Summer Solstice 2: A Windham Hill Collection Import
With a blend of New Age sensibility and performances from world-class international artists, Windham Hill's second Solstice collection is perfectly suited to the time of year for which it's named. There's substantial variety on this disc, from the ethereal guitar and flute of Angels of Venice's "After the Harvest", to the choral piece "Silgugu Isiphambano" from Ladysmith Black Mambazo, to the up-tempo, jazzy "Tres Curmins" from Lani Hall, to the upbeat "Alegre Vida" from Yomo Toro. There's a fine contribution from Buckwheat Zydeco that evokes a carnival atmosphere, and "Lei 'Awapuhi" from Ledward Kaapana, who infuses the piece with bluesy touches of slide guitar and bent notes. This is music to open your windows and air out your house to. -- Genevieve Williams
“Siwa" by Samite Mulondo kicks the album off and, while this African music piece would be fine for a world music sample, I am not sure what it is doing here. It simply doesn’t sound very Windham Hill. “After the Harvest” by Angels of Venice does sound very much like a Windham Hill Piece but it doesn’t sound like summer. It’s a beautiful piece to be sure but I was left wondering what it was doing on this album. “Lei' Awapuhi (Yellow Ginger Lei)" from Ledward Kaapana gets the album on track followed by “Tres Curumins (Three Young Indians)" by Lani Hall. It’s always a joy to hear those musicians and they are in fine shape here. Next up is “Sutu Kun," an interesting vocal by Vieux Diop that, again, does not make me think of summer of Windham Hill. Then we head to the bayou for “Everything Hurts" by "Buckwheat" Dural which is jarring. It’s a fun piece but simply doesn’t flow with the rest of the album and the theme of playing sick to avoid school doesn’t fit with the summer theme and it’s off the beaten path from where Windham Hill is. “Cruisin' Negril” by "Snuffy" Walden is a nice smooth jazz piece and the first half of the album closes by returning to African music with “Silgugu Isiphambano" by Ladysmith Black Mambazo.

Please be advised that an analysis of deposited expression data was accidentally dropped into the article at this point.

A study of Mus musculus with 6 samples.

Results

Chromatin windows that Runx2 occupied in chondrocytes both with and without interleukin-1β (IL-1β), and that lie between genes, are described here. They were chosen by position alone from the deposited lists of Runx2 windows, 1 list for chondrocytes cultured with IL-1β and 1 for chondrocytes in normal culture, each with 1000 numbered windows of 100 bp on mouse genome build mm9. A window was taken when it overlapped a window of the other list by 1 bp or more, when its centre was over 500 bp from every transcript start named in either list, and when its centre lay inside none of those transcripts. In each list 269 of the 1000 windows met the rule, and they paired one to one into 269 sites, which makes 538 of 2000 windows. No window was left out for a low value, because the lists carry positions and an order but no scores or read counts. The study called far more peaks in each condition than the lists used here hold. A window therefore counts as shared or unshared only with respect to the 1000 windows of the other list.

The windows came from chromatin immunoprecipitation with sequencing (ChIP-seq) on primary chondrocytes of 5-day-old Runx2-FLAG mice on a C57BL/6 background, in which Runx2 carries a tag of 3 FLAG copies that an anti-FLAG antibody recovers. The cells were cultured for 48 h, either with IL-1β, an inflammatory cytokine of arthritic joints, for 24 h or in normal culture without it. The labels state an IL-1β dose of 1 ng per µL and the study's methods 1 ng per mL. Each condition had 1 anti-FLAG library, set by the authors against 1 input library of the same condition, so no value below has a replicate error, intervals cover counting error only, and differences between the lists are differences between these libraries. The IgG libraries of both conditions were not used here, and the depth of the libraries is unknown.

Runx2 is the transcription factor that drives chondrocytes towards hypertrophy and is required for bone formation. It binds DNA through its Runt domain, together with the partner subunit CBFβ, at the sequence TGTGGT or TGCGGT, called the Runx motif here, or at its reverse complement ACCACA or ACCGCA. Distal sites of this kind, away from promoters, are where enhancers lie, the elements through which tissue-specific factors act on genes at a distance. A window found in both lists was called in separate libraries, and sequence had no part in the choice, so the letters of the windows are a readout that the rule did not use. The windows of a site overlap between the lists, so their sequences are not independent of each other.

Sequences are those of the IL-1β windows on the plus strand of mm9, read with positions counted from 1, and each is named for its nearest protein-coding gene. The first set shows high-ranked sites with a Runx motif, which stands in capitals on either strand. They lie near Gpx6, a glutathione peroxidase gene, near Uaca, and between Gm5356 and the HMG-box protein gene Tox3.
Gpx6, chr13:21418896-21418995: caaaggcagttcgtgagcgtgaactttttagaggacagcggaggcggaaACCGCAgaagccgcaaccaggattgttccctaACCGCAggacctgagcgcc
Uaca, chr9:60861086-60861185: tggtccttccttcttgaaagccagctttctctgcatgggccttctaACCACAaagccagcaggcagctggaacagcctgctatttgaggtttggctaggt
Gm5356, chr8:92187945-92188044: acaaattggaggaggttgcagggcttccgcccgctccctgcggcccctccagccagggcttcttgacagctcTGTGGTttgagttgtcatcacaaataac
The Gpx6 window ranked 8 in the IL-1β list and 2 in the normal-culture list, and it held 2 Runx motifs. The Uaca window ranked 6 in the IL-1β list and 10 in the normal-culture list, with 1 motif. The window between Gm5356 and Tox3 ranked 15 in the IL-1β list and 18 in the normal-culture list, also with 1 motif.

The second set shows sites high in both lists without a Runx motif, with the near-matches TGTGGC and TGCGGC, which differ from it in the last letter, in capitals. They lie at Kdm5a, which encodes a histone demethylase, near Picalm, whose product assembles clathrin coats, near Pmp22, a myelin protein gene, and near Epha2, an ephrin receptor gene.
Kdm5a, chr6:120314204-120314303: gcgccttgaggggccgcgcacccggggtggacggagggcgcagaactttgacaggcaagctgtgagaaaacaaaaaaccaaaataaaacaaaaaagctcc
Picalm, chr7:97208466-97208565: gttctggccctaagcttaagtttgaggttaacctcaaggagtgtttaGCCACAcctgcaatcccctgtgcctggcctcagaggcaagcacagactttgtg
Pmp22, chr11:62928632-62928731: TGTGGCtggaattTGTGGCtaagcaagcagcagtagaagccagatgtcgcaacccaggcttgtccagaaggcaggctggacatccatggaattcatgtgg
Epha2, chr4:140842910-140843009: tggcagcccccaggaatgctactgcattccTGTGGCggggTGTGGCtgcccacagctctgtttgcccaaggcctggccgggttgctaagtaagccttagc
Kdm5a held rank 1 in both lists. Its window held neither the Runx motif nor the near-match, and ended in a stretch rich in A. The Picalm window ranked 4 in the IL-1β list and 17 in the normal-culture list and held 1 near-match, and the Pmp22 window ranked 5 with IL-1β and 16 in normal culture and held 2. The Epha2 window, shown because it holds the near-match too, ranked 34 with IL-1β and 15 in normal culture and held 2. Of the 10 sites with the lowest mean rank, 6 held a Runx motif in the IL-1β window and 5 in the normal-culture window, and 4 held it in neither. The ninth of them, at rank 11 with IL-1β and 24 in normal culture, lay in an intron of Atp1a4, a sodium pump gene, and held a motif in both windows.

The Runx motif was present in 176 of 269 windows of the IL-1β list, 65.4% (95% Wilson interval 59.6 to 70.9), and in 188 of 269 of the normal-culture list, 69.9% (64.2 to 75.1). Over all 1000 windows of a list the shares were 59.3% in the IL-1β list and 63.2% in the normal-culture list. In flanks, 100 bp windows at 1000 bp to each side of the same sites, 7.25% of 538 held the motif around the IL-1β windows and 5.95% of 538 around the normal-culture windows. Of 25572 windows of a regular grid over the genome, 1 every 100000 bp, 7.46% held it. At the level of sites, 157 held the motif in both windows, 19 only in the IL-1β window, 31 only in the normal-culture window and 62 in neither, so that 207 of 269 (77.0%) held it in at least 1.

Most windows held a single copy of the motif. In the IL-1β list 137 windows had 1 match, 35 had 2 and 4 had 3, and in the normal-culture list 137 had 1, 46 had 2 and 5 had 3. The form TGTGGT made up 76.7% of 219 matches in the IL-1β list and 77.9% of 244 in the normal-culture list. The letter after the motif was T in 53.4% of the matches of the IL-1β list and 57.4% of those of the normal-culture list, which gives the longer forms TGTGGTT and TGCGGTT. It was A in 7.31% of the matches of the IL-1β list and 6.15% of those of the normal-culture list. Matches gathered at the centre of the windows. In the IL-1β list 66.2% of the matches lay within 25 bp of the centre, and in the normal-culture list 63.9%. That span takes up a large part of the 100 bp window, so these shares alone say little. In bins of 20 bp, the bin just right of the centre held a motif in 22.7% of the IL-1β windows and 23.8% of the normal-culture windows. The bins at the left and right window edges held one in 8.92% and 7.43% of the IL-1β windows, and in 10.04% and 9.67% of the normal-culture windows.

Patti Cathcart launches the second half with “Adventures In Paradise,” something of a jazzy vocal piece. It’s a good start and the momentum continues with the Latin flavors of “Alegre Vida,” a solid outing by Yomo Toro, and the weaker “La Feria De Las Flores” by "Flaco" Jimenez. Blues musician Taj Mahal is next with the fine “No Na Mamo.” The last quarter of the album features musicians who are more associated with Windham Hill. George Winston offers the quick “Birds in Flight” which leaves a nice impression. Acoustic guitarist Earl Klugh keeps the momentum going with “I’m Falling” before Sean Harkness slows things down with the gentle “Puesta Del Sol.” Will Ackerman, a Windham Hill stalwart, closes things out with “A Child’s Song,” which has some nice blending of his usual excellent guitar work with some vocals. A great tune but to be sure but it doens’t have anything to do with summer.
Simply put, this comes off as a mix of world music and a sampler album which Windham Hill was fond of releasing. It simply doesn’t have much to do with summer and some of the songs simply don’t jell, especially on the first half. It’s a strange compilation and a rare misfire from Windham Hill.